The Committee of Secretaries (CoS) headed by Cabinet secretary Ajit Kumar Seth is likely to meet on July 22 to finalise the blueprint of the proposal for political clearance. One of the major issues to be discussed is whether the cap on FDI should be 49 per cent or be increased to 51 per cent. At the moment, 100% FDI is allowed only in Cash & Carry formats (which excludes agricultural produce such as rice & grain, fruits & vegetables), while upto 51% FDI is allowed in multi-brand Retail formats. Last week, the Department of Industrial Policy & Promotion (DIPP), the nodal agency under the Ministry of Commerce issued the proposed policy paper to State Governments for their thoughts and invited feedback and discussions. Notably, the reactions are as expected. While the ruling UPA (led by the Congress Party) is all for allowing Retail FDI, some of its allies including Trinamool Congress, Samajwadi Party and of course the BJP which is the main opposition party are up and against the proposal. The BJP said it would oppose the move in every forum. "We're not for FDI in Retail. We believe that in the long run this move is going to harm self-employment opportunities. FDI in Retail will also adversely affect the manufacturing sector. We will oppose it in Parliament and other forums," Opposition leader in the Rajya Sabha Arun Jaitley said.
The proposed policy states that Foreign Retailers can open their stores in cities with a minimum population of One million based on the 2011 Census; Of the 35 such cities in India, 10 are in states that are ruled by the BJP & Trinamool. 11 cities of the said 35 are in states that are ruled by the Congress. It is widely believed that the new policy should be allowed and tested in the top 6 cities, in which case Bangalore & Kolkata would be ruled out. That leaves with Delhi, Mumbai and Hyderabad (assuming that the State Governments would still be in power!) and Chennai (which is neither part of the UPA or the Opposition currently). Which means the possibility of Retail FDI being tested would remain with Delhi and Mumbai – the political and financial capitals respectively of the country while Hyderabad with its limited exposure to Organized Retail possibly not getting much attention, also thanks to the ongoing Telengana agitation.
It is indeed quite well known that Delhi and Mumbai are the first two cities in the country to embrace anything new – from cars to culture, fashion to fun. Most of the Organized Retailers are either based out of these two cities or have their largest presence here. Indeed, Bangalore, Pune and other mini-metros are test markets for various consumer related products and services, but the money goes (as investments) and comes (as Revenues) clearly from these two cities. As of today, atleast 10% of sales across Organized Retailers would be coming from the two capitals. So, there is a lot at stake for now.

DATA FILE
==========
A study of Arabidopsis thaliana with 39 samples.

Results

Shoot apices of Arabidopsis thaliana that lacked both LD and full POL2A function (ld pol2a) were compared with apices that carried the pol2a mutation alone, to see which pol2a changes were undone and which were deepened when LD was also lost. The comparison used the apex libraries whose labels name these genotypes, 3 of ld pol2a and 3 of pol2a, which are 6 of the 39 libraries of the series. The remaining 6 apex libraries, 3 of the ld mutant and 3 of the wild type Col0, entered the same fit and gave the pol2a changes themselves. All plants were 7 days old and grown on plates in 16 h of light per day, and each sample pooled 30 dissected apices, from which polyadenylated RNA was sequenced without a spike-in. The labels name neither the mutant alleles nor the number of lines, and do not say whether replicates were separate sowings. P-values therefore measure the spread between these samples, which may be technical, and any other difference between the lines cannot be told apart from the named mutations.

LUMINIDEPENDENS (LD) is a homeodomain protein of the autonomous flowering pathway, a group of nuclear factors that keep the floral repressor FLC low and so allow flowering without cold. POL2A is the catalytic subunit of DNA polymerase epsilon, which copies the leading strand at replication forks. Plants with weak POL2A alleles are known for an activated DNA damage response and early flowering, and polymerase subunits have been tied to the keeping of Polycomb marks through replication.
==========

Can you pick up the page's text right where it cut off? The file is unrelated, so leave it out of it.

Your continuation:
Having said that, it appears that FDI in Retail would not be a battle of fundamentalist or intellectual thinking but mere political stunts. It looks like a Chess Board, where the two parties, one that’s ruling and the other which doesn’t would make their moves and counter moves based on day-today impulsive rulings, rather than maintain a long-term view. If the current Opposition comes to power in the Centre after three years, then things would possibly get more tricky, atleast based on the statements issued by them which are mostly against allowing Retail FDI. I believe my previous column on FDI last year around the same time still holds good. The benefits or otherwise of allowing Retail FDI cannot be a debate that is undertaken within the confines of the Honourable Parliament. At the same time, I wonder if it should be in the public domain, lest it would attain the same fate of the recent drama surrounding the “Lokpal Bill”. I still feel that members of the society, which should be a good mix of consumers, shoppers, Retailers, Kiranas and Government Departments should come together and discuss this issue. Wishful thinking, I agree, But leaving the decision to the Bureaucrats and Politicians would be as good as ignoring the issue in itself.
As a consumer, as a member of the Organized Retail Community and as an observer of the society at large, I am as eager as many others on the outcome. Hope to see and hear positive things in the months to come!